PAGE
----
Can a robot be the boss?

June 02, 2020 06:00
American taxi hailing companies such as Uber and Lyft have even fully automated assigning cars to individual customer without any manpower. Photo: Reuters

Computers in Human Behavior, an academic journal on human-computer interaction, published an interesting article titled "When computers take the lead: The automation of leadership”. It describes how computers today have taken over work traditionally handled by human boss, such as scheduling duty and dispatching tasks.

Almost 20 years ago, some scholars started to discuss the possibility of human-computer collaboration. At that time, computers were only considered as support to the human team. But this has been changed. Dan Brown, the author of the renowned novel The Da Vinci Code, has created a perfect and loyal artificial intelligence (AI) employee, Winston, in his 2017 work Origin. Winston is both knowledgeable and considerate, he is able to start the execution mode on his own at the critical moment.

Actually, Brown’s fantasy has come true with the rapid development of AI in recent years. Computers have even become the boss in some industries, the most obvious example is taxi hailing service. In the past, we called the service center for a taxi, then the staff of the centre contacted taxi drivers to find the most available taxi and to assign the order. Today, there are many mobile applications in Hong Kong for hailing taxi, replacing the role of service center, which is retained only for alerting drivers on the latest traffic conditions.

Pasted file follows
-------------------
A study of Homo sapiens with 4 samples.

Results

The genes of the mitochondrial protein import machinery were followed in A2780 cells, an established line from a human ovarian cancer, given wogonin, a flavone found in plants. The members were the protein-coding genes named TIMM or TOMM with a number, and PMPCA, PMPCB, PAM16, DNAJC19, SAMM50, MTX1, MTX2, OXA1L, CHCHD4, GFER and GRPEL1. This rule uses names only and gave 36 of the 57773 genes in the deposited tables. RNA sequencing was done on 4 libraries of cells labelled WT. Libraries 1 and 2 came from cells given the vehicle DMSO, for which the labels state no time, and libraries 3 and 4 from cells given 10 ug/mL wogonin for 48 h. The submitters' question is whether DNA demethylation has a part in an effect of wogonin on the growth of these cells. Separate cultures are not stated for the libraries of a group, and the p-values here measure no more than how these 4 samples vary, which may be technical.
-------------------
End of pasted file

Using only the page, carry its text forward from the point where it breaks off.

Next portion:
American taxi hailing companies such as Uber and Lyft have even fully automated assigning cars to individual customer without any manpower. In the past, the states opposed to these new services that threatened the traditional taxi industry, but in recent years, they have set up regulations for the operations as these new services are an irreversible trend. Computer also handles the scheduling of duty in hospitals, and delivery of food.

Is it good for the computer to be the boss?

It is said that allocating manpower by computers is fairer. However, the problem is that computer only regards each employee as a replaceable unit, machine cannot be compassionate or accommodate the situation of individual employee, such as when parents need to take care of young children. Computer is also less likely to invest in employee training like the traditional company to add value to individuals.

At the same time, John Kotter, a business school professor at Harvard University, who has studied leadership for a long time, pointed out that people used to call the “manager” of a business and the “leader” of an organization as boss. In fact, the two have very different roles.

The manager is responsible for operation, his/her main task is to implement a series of established procedures, such as budgeting, staffing, reviewing employee performance, and solving problems. The implementation of these already established areas of work, especially in large organizations, can be quite challenging. However, no matter how difficult the task can be, this cannot be considered as the role of a leader.

What is a leader? A leader has visions, dares to lead the team to change, so as to bring the organization to a new milestone, rather than just following the established successful formulas.

Therefore, at present, computer can only be an efficient supervisor despite extremely accurate performance. We still need human beings as leaders to plan and clearly understand the opportunities, leading us to overcome difficulties and find a better future in the world full of unknowns.